One of the most intriguing candidates this election season is a first-timer named Bill Morrison. An ex-serviceman and educator from Bartlett, he knows something, too, about disabilities, having lost a leg to a horrendous accident involving some wayward machinery. Morrison is the Democratic nominee against the redoubtable Marsha Blackburn, a Republican whose hold on the 7th congressional district has been regarded as unassailable partly because of Blackburn’s abilities (she’s a dynamite campaigner and serves as an assistant whip in the House of Representatives) and partly because the 7th was gerrymandered long ago to be safely Republican.
Indeed, no Democrat has held the seat since 1972. So Bill Morrison is entitled to some admiration merely for trying. But what is most interesting about his candidacy was revealed last week during a fund-raiser/house party in his honor in Bartlett. Following a speech, he subjected himself to questions about health care, No Child Left Behind, Iraq. About anything and everything.
Remarkably, he answered all of these questions not just by stating his positions on the issues. Morrison went a step further and explained what he would do logistically to get his ideas converted into law or established policy what agencies he would need to interact with, whom he would have to deal with on the other political side, what the relevant time-frames were. The final question he got indicated both an irony in his situation and a flaw in our current election system.
He was asked: “Are you getting any money from the DCCC” (Democratic Congressional Campaign Committee)? No, he answered, and there was no logistical plan to deal with that other than to keep on using the bare-bones budget he’s using to do what campaigning he can, worked around the requirements of his job as a classroom teacher.
For all the handicaps he’s suffering from, Morrison has attracted some attention. He got the endorsement of the venerable Nashville Tennessean two weeks ago and cites a home-grown poll that shows him within striking distance of Blackburn.
Maybe so, maybe no. The point is, he’s doing well under the circumstances, maybe exceeding expectations.
This is not a brief for Bill Morrison. We are not in the habit of endorsing candidates, and, for that matter, Blackburn has much to be said for her. What we regret is that residents of the 7th District won’t get the chance to make a fair comparison between the two candidates because they aren’t equally matched financially. Not even close.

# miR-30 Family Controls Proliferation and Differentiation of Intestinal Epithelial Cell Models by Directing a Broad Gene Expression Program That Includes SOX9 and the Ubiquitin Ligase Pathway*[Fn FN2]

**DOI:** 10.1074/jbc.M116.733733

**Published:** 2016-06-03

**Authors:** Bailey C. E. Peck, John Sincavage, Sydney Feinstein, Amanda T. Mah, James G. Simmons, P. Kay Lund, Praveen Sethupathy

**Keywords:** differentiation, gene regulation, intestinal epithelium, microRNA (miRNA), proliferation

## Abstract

The only thing that could fix such situations as these and Bill Morrison’s case is not unique is a simple reform that hasn’t yet been enacted and may never be: public financing of elections.
The Congress that is elected this year, whether Republican or Democratic, is sure to be organized differently and to have some new faces. Before its members settle down to the same-old same-old routine, we wish they’d give this perfectly sensible idea a fair shake.
According to Clays memo, "The CBC welcomes support from others in the House and Senate, especially those with liberal credentials but it is critical that its membership remain exclusively African American." The memo was written after two white, Jewish congressional candidates, Tennessees Steve Cohen and New Yorks David Yassky suggested that they would seek membership in the CBC in order to better serve majority black districts.
Read more here.
Speaking before a festive crowd on Cohen's behalf at a stand set up in front of the Federal Building downtown were Memphis mayor Willie Herenton and Shelby County mayor A C Wharton. "It is very simple: Steve Cohen is the best qualified candidate for this job," Herenton said of Cohen, whom he characterized as having "a wealth of experience and a knowledge of the governmental process." In his turn, Wharton said, 'This is a joyous day in which we're looking at those things which unite us and not those things that divide us."
Also speaking were two figures whose personal histories link them to the history of the Civil Rights movement - just-retired General Sessions Judge Russell Sugarmon and longtime NAACP head Maxine Smith. (For more, go to "Political Beat".)